After months of testing and tweaking, the e-commerce start-up Jet.com opened its digital storefront on Tuesday, marking the official kickoff of the company's ambitious effort to battle Amazon and Wal-Mart for budget-conscious customers.
Jet is taking a new approach to pricing. Its algorithm doesn't simply look at the price of each individual item in your online shopping cart. It looks at all the items you want to buy, as well as your Zip code, to determine which retailer or warehouse can ship that unique combination of items to you the cheapest. Shoppers can only buy things on Jet if they've signed up for a $49-per-year membership.
While there are plenty of nascent e-commerce businesses making lofty pledges to disrupt the shopping landscape, the retail industry and Silicon Valley are watching Jet particularly closely because of the brains and the money behind it. Jet's chief executive, Marc Lore, is the founder of Quidsi, an e-commerce business that was seeing soaring growth when it was bought by Amazon.com in 2011 for $545 million. That deal was struck after Amazon reportedly had waged an all-out price war with Quidsi's successful Diapers.com site.
Since Lore has had Amazon running scared once before, some analysts and investors believe he is especially well-positioned to compete with the e-commerce Goliath once again. (Amazon's chief executive, Jeffrey P. Bezos, owns The Washington Post.)
Jet is also astonishingly well-funded for a start-up: The $220 million it has raised in venture capital is among the largest seed or early-stage funding rounds in the past two decades.
Jet plans to spend $100 million on marketing this year to make sure you hear its name and consider shopping on its site. On launch day, its Web site featured a promotional video that stars Kumail Nanjiani, the actor who plays Dinesh on HBO's "Silicon Valley." The video opens with a dig at warehouse clubs such as Sam's Club or Costco.
"The old economics of saving money meant you had to buy items in bulk. And that's weird," Nanjiani says as a huge tub of mayonnaise is pictured on screen. "Because five pounds of mayonnaise is actually a fundamentally ridiculous thing to buy."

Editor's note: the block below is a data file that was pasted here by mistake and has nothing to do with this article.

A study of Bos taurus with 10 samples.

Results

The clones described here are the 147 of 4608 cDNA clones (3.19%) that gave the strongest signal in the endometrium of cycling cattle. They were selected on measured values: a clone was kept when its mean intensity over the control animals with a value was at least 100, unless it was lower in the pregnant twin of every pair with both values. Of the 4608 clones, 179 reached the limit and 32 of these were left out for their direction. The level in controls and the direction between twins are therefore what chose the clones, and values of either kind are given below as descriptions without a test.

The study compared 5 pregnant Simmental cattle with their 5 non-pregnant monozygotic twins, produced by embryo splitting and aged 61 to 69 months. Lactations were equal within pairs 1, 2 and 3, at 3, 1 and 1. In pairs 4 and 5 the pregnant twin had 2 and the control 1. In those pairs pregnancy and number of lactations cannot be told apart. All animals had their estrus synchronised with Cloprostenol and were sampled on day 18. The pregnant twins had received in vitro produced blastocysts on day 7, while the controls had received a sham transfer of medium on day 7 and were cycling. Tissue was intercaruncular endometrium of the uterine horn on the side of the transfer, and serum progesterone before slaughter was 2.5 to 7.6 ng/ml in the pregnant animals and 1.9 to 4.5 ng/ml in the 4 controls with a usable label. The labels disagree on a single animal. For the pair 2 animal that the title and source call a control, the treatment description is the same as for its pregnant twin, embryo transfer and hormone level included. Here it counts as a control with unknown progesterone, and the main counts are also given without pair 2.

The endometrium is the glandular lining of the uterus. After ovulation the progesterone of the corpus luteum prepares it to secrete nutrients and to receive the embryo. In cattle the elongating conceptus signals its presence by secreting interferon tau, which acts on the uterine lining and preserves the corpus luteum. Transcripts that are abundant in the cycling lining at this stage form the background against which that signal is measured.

This gets at the heart of how Jet is trying to distinguish itself in a crowded retail marketplace. Jet believes there are plenty of shoppers — millennials, in particular — who are very value-conscious and aren't having their needs met by the current shopping options. The bulk format of items in the warehouse clubs, Jet argues, is not great for people who live in small spaces or who don't have big families.
The site also offers additional ways to help you save, knocking additional pennies or dollars off your order if you pay with a debit card or waive the right to return an item.
Jet is also trying to set up a contrast between its $49 annual membership, which promises access to rock-bottom prices, and Amazon's $99 Prime membership. Lore makes the case that Amazon's offering essentially buys you convenience.
"I would say a large percentage of people in America can’t afford to just do that. They don’t have the luxury of spending $100 for faster shipping," Lore told The Washington Post back in April.
Jet will face big hurdles as it tries to turn us into a nation of "Jetheads," a term it hopes will catch on for loyal Jet shoppers. Amazon already brings in more than $40 billion a year in online sales and has tens of millions of shoppers signed up for Prime. Wal-Mart, the undisputed king of brick-and-mortar shopping in the U.S., is piloting its own membership shopping program known as Shipping Pass.
Last week provided a fresh example of just how fiercely these established players are fighting for your online shopping dollars, when Amazon announced a massive sale it called Prime Day, only to have Wal-Mart hit back with its own mega-sale. Jet is late to the party, and it will take serious effort to lure the shoppers who are already loyal to other outlets.
The chatter on social media Tuesday morning suggested that Jet is winning some early converts:
Still, other commenters offered critiques of the site that encapsulate Jet's fundamental challenge: They have to figure out how to explain clearly how their complicated algorithm works and what its value proposition is.